Posted Oct 25 2018

Bohemian Rhapsody - This Movie Will, This Movie Will Rock You (You Understand We Had To Go There, Right?)

Dir: Bryan Singer (and Dexter Fletcher)

Syarring Rami Malek, Lucy Boynton, Joseph Mazzello, Mike Myers, Aidan Gillen, Ben Hardy, Gwilym Lee, Tom Hollander, Allen Leech

There’s been a lot of pre-release talk about Bo Rap not being the warts and all Freddie Mercury biopic that some were holding out for. And it isn’t – although to its credit it does more than acknowledge Freddie’s homosexuality, and his contracting of AIDS, which ultimately, and tragically, took his life so young.

Instead of said warts, it is a deliberately old fashioned biopic. The kind that years before might well have starred Cliff Richard instead of Rami Malek. And all the better for it.

Plus, of course, it all leads to a glorious Live Aid climax – teased at the very beginning, but more of that later.

This is the kind of movie where one major event is heavily signposted, only to be followed by another – thus Freddie, sleeping under a piano no less, reaches up and starts playing the opening notes to Bohemian Rhapsody. We know where that’s going! The band are fighting and don’t want to “go disco” – then John Deacon starts playing the riff to Another One Bites The Dust. We know where that’s going!. Then Freddie falls in love with Mary – we really know where that’s going! Or not going, as the case may be.

It sounds heavy-handed, but it really isn’t. It’s just THAT kind of movie. And lays it out from the start, and takes great pleasure from being so old fashioned. As well you should watching it.

Malek gets his teeth into the role of Mercury – but it should be remembered, they are not his real teeth. There are times when what he is doing seems like a near perfect impersonation. But, as the film progresses, he becomes more and more of a fully three dimensional character to the point where, ironically, he starts to resemble Rami Malek on stage, more than he does Freddie Mercury. Still, he is never less than compulsive, and the rest of his group nicely capture the band dynamic – even if Brian May (who produced) is a little pious, and John Deacon (who no longer has anything to do with Queen) is made to look like a bit of a dick. Lucy Boynton (so brilliant in Sing Street) is superb as the long-suffering Mary, and Tom Hollander reminds you of why he should be declared a national treasure with the simplest of looks. And then Mike Myers shows up. Myers, who doesn’t seem to want to perform these days unless buried under layers of prosthetics, plays the head of EMI records who explains to the band that the song Bohemian Rhapsody will never be a hit because kids won’t want to play it in their cars while banging their heads along. It should be far too on the nose to work – but it fits the movie’s cheesy approach. (And if you need us to explain that reference – please stop reading now and go to another site. ANY other site!)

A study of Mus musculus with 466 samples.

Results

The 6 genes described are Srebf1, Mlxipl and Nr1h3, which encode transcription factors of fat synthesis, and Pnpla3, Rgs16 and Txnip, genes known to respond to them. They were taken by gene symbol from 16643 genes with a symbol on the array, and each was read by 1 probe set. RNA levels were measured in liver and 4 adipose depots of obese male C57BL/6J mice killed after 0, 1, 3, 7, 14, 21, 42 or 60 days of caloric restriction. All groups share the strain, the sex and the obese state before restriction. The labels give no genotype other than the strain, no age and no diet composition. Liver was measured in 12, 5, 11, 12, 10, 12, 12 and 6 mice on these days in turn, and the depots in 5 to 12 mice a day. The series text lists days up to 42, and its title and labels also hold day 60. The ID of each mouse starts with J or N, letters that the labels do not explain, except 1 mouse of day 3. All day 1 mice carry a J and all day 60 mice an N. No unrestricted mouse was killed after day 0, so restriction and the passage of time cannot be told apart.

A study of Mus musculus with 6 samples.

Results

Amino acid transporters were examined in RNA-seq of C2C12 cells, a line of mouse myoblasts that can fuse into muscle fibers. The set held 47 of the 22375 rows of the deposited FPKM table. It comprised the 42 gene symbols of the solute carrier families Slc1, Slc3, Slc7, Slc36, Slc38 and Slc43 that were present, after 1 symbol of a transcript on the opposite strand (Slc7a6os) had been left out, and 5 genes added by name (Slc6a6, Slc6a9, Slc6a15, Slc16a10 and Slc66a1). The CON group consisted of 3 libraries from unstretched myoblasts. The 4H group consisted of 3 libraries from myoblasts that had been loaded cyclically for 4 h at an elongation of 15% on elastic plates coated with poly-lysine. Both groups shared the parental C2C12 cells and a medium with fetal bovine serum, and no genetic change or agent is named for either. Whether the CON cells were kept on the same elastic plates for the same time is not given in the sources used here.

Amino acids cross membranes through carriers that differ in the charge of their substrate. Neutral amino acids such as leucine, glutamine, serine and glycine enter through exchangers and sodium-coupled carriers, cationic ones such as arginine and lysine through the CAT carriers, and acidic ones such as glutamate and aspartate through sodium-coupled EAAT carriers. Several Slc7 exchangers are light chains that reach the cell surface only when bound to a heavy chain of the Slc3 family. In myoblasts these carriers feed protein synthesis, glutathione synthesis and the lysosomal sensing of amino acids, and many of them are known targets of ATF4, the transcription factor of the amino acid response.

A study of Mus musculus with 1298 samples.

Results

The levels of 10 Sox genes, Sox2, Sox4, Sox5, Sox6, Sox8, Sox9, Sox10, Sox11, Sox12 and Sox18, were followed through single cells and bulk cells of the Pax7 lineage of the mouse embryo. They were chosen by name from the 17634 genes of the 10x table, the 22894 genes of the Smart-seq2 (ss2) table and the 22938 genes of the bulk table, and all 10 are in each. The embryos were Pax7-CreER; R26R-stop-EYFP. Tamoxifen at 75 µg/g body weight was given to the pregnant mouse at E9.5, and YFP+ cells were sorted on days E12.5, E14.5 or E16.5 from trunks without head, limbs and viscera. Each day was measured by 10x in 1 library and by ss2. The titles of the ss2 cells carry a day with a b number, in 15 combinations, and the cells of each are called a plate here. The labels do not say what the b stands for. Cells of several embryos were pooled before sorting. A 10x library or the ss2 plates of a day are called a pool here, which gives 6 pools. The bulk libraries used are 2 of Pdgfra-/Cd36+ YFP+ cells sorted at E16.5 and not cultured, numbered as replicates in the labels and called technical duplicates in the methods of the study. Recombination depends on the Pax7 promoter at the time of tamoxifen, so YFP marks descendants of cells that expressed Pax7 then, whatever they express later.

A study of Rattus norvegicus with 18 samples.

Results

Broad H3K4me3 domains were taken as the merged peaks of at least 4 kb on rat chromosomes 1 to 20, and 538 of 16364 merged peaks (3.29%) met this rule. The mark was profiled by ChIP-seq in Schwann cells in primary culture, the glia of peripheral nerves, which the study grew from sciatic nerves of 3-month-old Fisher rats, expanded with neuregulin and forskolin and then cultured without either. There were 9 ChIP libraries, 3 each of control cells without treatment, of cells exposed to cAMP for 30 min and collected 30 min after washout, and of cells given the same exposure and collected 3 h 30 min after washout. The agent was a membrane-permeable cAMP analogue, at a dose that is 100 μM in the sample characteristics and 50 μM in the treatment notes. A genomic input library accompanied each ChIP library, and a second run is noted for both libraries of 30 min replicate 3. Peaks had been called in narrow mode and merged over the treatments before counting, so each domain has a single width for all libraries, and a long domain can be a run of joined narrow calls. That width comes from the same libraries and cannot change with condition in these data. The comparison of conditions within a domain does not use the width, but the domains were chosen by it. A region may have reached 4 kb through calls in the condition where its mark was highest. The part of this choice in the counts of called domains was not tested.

And then, after Freddie’s time in the emotional wilderness, there’s the Live Aid climax – more of that now.

It is simply remarkable. Yes, there’s the odd moment of uncanny valley when it comes to the recreation of the 100,000 audience who were there on July 13th 1985 (yes, we were) but the atmosphere, and the power of performance is captured in magnificent form. The move from the opening of Bo Rap into the stadium-smashing Radio GaGa is simply beautiful. At one point you think they’re going to do the whole set (Crazy Little Thing Called Love and a snatch of We Will Rock You are omitted) but 15 minutes out of 20 is still pretty damn fine – and they end on We Are The Champions – impossible to complain.

Singer shot these scenes in the first few days of production (talk about throwing your cast in at the deep end) but after his firing – and Dexter Fletcher stepping in – it’s difficult to know who to praise for this emphatic and brilliantly realised ending. So, we’re going with the editor John Ottman (who also scores the film.) We move from every angle of the Wembley stage, to deep close ups on Freddie and the band, to the guys up above in the rigging, to people coming together in the crowd, to people in a local pub completely into it, to Bob Geldof getting his “fookin’ money” at last, to Freddie’s family at home watching it on TV and finally accepting their son for the man he is. It is a triumphant piece of emotive filmmaking. And a gorgeous piece of nostalgia. And if it forgives any faults the film may have (and they are few) – well, then so it should.

Plus, Freddie gets to call someone "you treacherous piss-flap!"

Oh, and did we mention it's got a great soundtrack? Killer! Queen!